Music Business

What is an AI Cover Song, and why are Major Labels so afraid of them?

We learned this week that UMG is leading the major label charge against AI music with a multitude of takedown notices and a warning to Spotify and Apple Music to block AI systems from scraping music and lyrics from their services for use in future songs.

A major target of the takedown is AI cover songs. But what is an AI cover song, how do they sound, and why do the major music companies hate them so much?

WHAT is an AI cover song?

Artificial intelligence (AI) cover songs use AI to create covers of songs that sound just like famous artists without their input or consent. For example, AI created ‘Ariana Grande’ singing SZA’s “Kill Bill” and ‘Justin Bieber’ covering Miley Cyrus’ “Flowers.”

HOW do they sound?

How does an AI cover song sound?

Check out these two still up on YouTube and TikTok.

WHY do major labels hate them?

Why do major labels hate AI cover sonfs so much?

After all, you could argue that properly labeled AI cover songs aren’t all that much different than a tribute act like Beatles act The Fab Four or The Machine performs Pink Floyd posting their own cover versions on Spotify.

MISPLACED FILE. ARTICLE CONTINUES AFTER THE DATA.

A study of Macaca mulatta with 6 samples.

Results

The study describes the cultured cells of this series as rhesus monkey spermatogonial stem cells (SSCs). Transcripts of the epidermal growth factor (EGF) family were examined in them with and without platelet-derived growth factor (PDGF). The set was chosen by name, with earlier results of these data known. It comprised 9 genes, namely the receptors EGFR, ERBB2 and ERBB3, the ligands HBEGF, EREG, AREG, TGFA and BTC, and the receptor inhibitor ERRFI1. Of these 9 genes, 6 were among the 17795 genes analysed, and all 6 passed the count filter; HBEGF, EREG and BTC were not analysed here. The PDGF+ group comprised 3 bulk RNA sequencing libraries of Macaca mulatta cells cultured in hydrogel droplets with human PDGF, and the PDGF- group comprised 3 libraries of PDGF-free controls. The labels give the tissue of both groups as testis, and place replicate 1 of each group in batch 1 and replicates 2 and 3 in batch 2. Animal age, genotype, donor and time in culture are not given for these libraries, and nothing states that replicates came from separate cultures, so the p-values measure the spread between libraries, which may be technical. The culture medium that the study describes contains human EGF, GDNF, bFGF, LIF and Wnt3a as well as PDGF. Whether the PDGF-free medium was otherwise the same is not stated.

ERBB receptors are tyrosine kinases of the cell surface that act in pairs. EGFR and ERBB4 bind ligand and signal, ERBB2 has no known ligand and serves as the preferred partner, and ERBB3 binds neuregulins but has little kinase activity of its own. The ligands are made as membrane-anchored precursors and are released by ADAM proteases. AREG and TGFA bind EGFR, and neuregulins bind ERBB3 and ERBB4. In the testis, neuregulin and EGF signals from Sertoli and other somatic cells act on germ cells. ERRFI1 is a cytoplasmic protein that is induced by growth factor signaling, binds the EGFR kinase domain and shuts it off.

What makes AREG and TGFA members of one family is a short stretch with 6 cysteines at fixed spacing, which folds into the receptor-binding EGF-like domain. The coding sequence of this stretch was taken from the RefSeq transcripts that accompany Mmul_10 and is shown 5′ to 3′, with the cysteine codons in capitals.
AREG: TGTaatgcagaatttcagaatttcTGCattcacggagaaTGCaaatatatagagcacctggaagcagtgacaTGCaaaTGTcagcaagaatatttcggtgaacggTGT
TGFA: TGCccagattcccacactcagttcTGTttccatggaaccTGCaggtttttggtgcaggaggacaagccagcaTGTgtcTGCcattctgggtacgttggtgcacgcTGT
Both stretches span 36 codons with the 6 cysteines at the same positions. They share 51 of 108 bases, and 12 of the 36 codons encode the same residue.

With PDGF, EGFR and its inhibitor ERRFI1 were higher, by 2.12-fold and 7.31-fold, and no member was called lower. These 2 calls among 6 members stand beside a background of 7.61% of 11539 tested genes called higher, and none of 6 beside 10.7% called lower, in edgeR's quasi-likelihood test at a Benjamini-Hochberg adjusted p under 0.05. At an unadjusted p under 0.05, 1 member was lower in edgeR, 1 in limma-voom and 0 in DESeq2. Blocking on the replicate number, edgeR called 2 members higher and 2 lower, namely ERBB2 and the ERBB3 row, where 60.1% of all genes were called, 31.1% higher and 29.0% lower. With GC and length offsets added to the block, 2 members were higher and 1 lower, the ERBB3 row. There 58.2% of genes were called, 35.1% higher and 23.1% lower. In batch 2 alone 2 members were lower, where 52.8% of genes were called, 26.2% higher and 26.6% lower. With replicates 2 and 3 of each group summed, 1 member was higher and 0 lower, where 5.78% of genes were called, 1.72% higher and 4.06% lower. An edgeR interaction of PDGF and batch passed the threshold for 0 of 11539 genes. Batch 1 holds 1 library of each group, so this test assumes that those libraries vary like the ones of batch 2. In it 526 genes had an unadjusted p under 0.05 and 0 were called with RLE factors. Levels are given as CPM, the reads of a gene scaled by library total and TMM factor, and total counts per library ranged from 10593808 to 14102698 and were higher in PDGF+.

But the major music companies see it very differently.

Trade group the RIAA has said that the “use is unauthorized and infringes our members’ rights by making unauthorized copies of our members’ works.”

On Wednesday, a spokesperson for Universal Music went a step further.

“We have a moral and commercial responsibility to our artists to work to prevent the unauthorized use of their music and to stop platforms from ingesting content that violates the rights of artists and other creators. We expect our platform partners will want to prevent their services from being used in ways that harm artists.”

Muddying the waters further is the web of inadequate copyright law and legal decisions written when music AI was only a distant possibility.

Bruce Houghton is the Founder and Editor of Hypebot and MusicThinkTank, a Senior Advisor at Bandsintown, President of the Skyline Artists Agency, and a professor for the Berklee College Of Music.